A Designer Lessons ESL lesson plan by Gareth H. Jones
We’re very grateful to Gareth H. Jones for submitting this class to us. Gareth is an English Teacher and has been living and working in Barcelona since 2005. He is the author of the blog Inglés Naturalmente – www.inglesnaturalmente.com – which is an English learning resource for Spanish speaking students of English. You can also find him on Twitter @gar_jones
This lesson was prepared for an advanced group with the aim of giving the students exposure to a different UK accent. It could also be used as a bit more of a challenging class for an upper intermediate level.
Lesson: News reporting – Flooding – Welsh accent
Level: Upper Intermediate – Advanced
Age Group: Adults & teens
Skills focus: Listening / Presentation
Time: 60-90 minutes
Materials – download PDF worksheet: Rescue Attempts Ongoing as Major Flooding Hits West Wales
Brainstorm vocabulary related to the weather and natural disasters. Board what students come up with. This might include:
- hail / hailstones
- floods / flooding
If they don’t mention floods or flooding, elicit it. Ask which of these are most prevalent in the UK. Tick those mentioned.
rain, wind, sleet, floods / flooding and some hailstones, snow, blizzards and sun.
Ask what problems floods bring. Students discuss this in pairs for a few minutes.
Feedback. Board problems mentioned.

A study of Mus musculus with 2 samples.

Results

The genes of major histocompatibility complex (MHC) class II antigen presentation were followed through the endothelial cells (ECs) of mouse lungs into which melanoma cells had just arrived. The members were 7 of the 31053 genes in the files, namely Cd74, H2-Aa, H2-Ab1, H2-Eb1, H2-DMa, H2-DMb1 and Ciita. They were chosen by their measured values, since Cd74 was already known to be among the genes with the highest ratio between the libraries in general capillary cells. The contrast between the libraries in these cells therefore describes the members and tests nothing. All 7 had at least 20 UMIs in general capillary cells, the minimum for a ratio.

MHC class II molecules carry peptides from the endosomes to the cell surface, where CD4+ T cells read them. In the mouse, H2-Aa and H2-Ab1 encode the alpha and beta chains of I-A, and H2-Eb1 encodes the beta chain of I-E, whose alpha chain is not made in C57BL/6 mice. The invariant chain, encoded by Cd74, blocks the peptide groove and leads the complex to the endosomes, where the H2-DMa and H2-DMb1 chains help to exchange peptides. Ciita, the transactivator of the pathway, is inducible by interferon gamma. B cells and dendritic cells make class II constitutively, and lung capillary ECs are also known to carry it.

Introduce the listening: a news item regarding flooding in Wales.
Play the video and ask students just to watch and listen, making note of the problems witnessed.
Ask which of the problems previously mentioned by the students seemed apparent in the situation in the video. Hand out the comprehension questions. Feel free to remove or modify some questions to best suit your group. Give students time to read the questions checking for any unknown vocabulary.
Play the video twice more while the students complete the comprehension exercise.
Review the answers as a group. If there is a difference of opinion with some answers, encourage debate and discussion particularly for the last three for which there is a lot of information available in the video. You may confirm the answers at this stage or wait until you play the video again.
Play the video once more pausing to confirm / highlight the answers.
You could also pause the video to highlight other useful language that comes up, for example, the interviewer’s use of “out of the blue” around minute 1.26 – 1.29. The word “ongoing” is also mentioned a couple of times.
Depending on time or what you feel is best for your group, you might want to choose either one or both of the following two exercises.
Discussion: How have the villagers’ lives been affected / disrupted?
How might they be feeling? (Good FCE/CAE speaking practice)
OR: How would the students feel if they lived in an area affected in such a way?
If you skip stage this step, perhaps quickly getting the students’ thoughts on what they’ve just seen might be a good idea before launching into the task.
Divide the students into small groups telling them that they are part of an action committee that has to design an action plan to deal with this situation. Give them time to discuss it and formulate their plan.
Depending on time and the number of small groups you have, either get general feedback from each group or get each group to formally present their plan to the rest of the class.